I tuned in to the radio the other day and caught an interview with a high school English teacher in Indiana who assigned the book, “The Freedom Writers Diary,” and was suspended over it. Students are hungry for the real-life essays written by their peers, but adults who run the school think it’s not “appropriate” material.
Some of the most beloved books are also the most hated. Why such an impasse?
If my life were a book, it probably would be on the “ban list” as I have been feeling misunderstood lately. I find myself questioning my communication abilities at such times.
During my years reporting for a daily newspaper, I learned that the flashiest quotes dished up by a source require just as much vetting as the bland ones. Perhaps I squandered a few good headlines, but I think it is more respectful of readers to offer substance over splash. Editors chided me for not being “jazzy” enough, but I think it was a necessary part of my development as a writer. Substance first. Jazz second. Apologies to anyone who fell asleep reading my stuff.
I like these (condensed) musings from one of my favorite authors, C.S. Lewis — partly because the word “wiseacre” is such a good one.
“About once every hundred years some wiseacre gets up and tries to banish the fairy tale. Perhaps I had better say a few words in its defense, as reading for children.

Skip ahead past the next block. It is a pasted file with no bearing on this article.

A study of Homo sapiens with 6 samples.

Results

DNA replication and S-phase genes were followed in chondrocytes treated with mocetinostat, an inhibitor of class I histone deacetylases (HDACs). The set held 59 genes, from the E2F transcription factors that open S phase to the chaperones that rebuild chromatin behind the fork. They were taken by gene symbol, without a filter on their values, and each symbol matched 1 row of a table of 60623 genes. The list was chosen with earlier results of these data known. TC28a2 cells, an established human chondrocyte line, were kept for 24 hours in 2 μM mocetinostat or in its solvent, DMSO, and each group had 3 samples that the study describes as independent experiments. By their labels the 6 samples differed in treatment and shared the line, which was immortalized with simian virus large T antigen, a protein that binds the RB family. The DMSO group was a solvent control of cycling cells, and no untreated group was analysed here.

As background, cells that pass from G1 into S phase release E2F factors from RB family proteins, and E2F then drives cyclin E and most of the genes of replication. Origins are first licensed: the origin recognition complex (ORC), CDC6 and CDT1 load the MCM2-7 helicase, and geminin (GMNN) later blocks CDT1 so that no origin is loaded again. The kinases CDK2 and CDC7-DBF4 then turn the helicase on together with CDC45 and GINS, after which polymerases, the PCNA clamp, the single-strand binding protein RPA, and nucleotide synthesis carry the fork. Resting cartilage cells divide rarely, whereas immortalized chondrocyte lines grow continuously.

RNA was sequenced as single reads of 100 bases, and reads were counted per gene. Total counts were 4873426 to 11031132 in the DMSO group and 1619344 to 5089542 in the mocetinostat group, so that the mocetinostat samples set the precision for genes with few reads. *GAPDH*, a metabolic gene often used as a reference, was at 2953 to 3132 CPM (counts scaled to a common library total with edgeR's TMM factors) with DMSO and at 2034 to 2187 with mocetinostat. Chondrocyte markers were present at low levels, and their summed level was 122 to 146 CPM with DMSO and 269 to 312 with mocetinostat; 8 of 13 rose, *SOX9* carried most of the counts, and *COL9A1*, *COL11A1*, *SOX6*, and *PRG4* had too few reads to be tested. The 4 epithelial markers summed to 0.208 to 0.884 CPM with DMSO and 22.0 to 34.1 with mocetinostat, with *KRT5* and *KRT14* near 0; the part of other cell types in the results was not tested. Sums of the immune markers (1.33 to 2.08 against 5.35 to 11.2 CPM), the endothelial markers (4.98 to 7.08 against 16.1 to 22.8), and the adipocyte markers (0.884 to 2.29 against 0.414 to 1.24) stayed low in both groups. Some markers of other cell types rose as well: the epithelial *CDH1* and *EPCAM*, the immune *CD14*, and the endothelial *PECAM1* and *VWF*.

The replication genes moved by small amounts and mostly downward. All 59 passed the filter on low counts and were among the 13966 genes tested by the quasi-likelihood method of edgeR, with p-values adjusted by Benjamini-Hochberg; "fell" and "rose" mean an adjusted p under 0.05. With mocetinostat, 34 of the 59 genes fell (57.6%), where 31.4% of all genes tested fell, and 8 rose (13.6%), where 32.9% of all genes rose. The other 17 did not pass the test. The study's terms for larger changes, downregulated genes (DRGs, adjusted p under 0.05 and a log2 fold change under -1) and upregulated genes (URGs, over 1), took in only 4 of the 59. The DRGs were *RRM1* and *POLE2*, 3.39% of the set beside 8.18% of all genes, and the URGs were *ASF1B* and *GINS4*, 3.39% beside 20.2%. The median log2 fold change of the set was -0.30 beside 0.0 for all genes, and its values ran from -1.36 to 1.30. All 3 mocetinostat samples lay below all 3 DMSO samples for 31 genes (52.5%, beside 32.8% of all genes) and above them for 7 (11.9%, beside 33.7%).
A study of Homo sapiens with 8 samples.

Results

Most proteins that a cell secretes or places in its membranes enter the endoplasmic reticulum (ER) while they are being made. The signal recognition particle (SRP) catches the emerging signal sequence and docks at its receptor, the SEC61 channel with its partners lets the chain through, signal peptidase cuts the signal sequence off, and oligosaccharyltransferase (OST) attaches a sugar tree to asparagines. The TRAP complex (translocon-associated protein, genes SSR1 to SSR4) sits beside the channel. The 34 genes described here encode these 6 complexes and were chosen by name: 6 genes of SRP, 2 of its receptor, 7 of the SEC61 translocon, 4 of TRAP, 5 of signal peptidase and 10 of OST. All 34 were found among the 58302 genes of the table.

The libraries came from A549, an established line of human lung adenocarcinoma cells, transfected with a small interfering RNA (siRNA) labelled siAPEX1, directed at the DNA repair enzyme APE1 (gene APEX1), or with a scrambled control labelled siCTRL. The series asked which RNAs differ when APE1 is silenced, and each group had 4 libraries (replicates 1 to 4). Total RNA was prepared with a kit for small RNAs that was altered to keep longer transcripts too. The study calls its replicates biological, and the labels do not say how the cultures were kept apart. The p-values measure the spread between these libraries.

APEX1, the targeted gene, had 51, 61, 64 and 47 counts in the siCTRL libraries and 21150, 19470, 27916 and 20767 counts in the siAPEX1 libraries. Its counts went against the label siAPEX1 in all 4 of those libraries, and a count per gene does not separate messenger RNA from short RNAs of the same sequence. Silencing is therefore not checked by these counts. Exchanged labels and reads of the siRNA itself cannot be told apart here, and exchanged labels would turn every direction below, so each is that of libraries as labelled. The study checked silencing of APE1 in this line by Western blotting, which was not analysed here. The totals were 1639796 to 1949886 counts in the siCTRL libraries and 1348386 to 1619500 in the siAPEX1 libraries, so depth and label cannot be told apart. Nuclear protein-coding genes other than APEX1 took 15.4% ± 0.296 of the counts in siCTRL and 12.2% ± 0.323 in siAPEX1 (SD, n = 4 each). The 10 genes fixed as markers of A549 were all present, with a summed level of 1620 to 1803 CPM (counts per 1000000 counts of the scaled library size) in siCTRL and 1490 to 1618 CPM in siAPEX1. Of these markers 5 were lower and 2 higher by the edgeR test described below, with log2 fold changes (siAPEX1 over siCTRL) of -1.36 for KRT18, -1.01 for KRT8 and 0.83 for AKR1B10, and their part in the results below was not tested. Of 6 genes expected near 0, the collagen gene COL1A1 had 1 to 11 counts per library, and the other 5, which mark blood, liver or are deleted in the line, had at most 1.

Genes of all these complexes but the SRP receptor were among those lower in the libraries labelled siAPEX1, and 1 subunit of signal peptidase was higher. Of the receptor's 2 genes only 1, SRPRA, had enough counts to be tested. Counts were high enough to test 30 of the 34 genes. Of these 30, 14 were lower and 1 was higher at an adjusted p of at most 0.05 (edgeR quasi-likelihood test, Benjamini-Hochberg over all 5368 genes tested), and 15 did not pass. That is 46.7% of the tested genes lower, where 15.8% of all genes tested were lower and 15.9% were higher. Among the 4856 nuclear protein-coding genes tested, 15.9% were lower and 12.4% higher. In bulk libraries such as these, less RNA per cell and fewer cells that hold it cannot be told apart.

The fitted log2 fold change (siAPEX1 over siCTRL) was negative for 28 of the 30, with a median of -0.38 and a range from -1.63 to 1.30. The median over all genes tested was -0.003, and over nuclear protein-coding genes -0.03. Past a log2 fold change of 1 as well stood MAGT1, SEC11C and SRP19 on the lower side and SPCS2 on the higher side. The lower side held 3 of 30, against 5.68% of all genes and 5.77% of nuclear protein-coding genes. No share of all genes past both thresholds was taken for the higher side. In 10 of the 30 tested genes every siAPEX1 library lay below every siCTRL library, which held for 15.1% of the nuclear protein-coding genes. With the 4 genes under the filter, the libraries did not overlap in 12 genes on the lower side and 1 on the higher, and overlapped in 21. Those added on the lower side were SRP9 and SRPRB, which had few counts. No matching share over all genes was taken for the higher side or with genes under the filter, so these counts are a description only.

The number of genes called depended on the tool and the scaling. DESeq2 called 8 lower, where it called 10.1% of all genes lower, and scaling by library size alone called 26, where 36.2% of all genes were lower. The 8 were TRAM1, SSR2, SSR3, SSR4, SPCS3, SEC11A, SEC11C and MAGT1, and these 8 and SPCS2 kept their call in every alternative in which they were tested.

It is accused of giving children a false impression of the world they live in. Does anyone suppose that (the child) really and prosaically longs for all the dangers and discomforts of a fairy tale? — really wants dragons in contemporary England? It would be much truer to say that fairy land arouses a longing for he knows not what. It stirs and troubles him (to his life-long enrichment) with the dim sense of something beyond his reach, and far from dulling or emptying the actual world, gives it a new dimension and depth.”
Fear catapults the most treasured stories to the top of the “ban” list. Fear leaves us feeling misunderstood or slighted. Fear prevents us from standing up to an abuse of power. Fear sends the stock market down nearly 800 points in minutes. I read a good book recently, “Dreamers of the Day,” by Mary Doria Russell. Don’t buy anything from a man selling fear, she says.
Don’t let fear stop you from writing what’s on your heart or championing an English teacher who assigns a book that scares school leaders into silence. Stand up to fear. It’s the work of a writer. Sometimes I fail. Sometimes I meet the challenge. In the end remember this: Fear stands against peace.